Tadeusz Różewicz and the struggle for poetry – English PEN Atlas
‘For PEN Atlas this week, Basia Howard writes about Tadeusz Różewicz, Poland’s most translated author, and considered by many to be of the same stature as Szymborska and Milosz. His memoir Mother Departs, published by Stork Press next month, describes the war he survived his artistic journey and the experiences that forged his poetic conscience…’
‘Różewicz has been quietly and consistently present in the English-speaking world for over 40 years. Today at 91, he’s still speaking to us, and indeed in 2012 he wrote a clowning parody of Hamlet to illustrate our cultural deflation and confusion.
Stork Press is about to publish Różewicz’s memoir Mother Departs. It is a biography – told through a kaleidoscope of different genres and the different voices of his family, set against the dark epic backdrop of a country ripped apart, invaded and repressed throughout the 20th century. Tadeusz Różewicz’s vision has not changed during the seven decades of his literary career. But Mother Departs adds to our understanding of the discordant forces that shape a writer. Wars, religion, poverty, politics all do so – but so do the kitchen-table actualities of family love. This is absolutely fundamental to Różewicz.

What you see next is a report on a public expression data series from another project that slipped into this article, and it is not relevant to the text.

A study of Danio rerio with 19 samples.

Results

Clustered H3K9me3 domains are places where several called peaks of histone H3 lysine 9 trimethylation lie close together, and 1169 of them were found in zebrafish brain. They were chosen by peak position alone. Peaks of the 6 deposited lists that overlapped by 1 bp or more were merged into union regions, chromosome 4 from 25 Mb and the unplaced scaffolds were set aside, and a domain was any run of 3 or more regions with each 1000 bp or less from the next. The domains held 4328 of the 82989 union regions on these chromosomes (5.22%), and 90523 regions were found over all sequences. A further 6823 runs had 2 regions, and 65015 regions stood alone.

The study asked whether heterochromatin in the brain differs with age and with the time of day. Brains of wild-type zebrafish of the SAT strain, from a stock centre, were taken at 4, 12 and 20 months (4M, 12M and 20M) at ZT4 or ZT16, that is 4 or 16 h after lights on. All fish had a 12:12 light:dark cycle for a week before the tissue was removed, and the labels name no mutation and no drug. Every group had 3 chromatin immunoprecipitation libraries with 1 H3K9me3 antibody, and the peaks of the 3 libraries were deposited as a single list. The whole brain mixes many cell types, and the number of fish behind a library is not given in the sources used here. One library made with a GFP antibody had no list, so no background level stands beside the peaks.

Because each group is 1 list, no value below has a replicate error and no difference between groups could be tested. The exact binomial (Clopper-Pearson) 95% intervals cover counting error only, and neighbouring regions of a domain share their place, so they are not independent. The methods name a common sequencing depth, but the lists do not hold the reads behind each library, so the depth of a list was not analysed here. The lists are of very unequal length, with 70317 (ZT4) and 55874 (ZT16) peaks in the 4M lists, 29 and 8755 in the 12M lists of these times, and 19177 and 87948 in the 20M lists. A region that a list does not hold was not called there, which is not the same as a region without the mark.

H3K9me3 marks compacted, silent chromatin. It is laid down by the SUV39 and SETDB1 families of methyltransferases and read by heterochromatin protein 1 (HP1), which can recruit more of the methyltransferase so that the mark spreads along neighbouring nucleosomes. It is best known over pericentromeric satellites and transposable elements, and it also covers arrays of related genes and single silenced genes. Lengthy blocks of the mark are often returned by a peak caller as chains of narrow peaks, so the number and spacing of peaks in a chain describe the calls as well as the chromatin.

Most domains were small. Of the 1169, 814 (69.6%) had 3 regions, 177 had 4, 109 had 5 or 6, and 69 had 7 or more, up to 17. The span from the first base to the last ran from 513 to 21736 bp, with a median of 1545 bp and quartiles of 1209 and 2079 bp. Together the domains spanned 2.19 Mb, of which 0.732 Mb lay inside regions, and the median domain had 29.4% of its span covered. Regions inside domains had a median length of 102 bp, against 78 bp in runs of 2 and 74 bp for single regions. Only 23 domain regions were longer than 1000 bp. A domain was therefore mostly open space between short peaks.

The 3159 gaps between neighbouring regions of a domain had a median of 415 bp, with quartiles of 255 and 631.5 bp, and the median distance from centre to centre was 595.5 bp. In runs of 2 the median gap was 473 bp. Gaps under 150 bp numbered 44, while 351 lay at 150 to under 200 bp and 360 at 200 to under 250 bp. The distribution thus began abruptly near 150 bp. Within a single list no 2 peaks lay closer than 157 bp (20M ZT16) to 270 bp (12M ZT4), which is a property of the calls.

After the War he wrote:
I am twenty-four
led to the slaughter
Ever since, he has written about all of us who have endured and survived, because we must. Now in Mother Departs he brings us face to face with those closest to him, whom long ago he lost.’
Read the full article on English PEN Atlas website.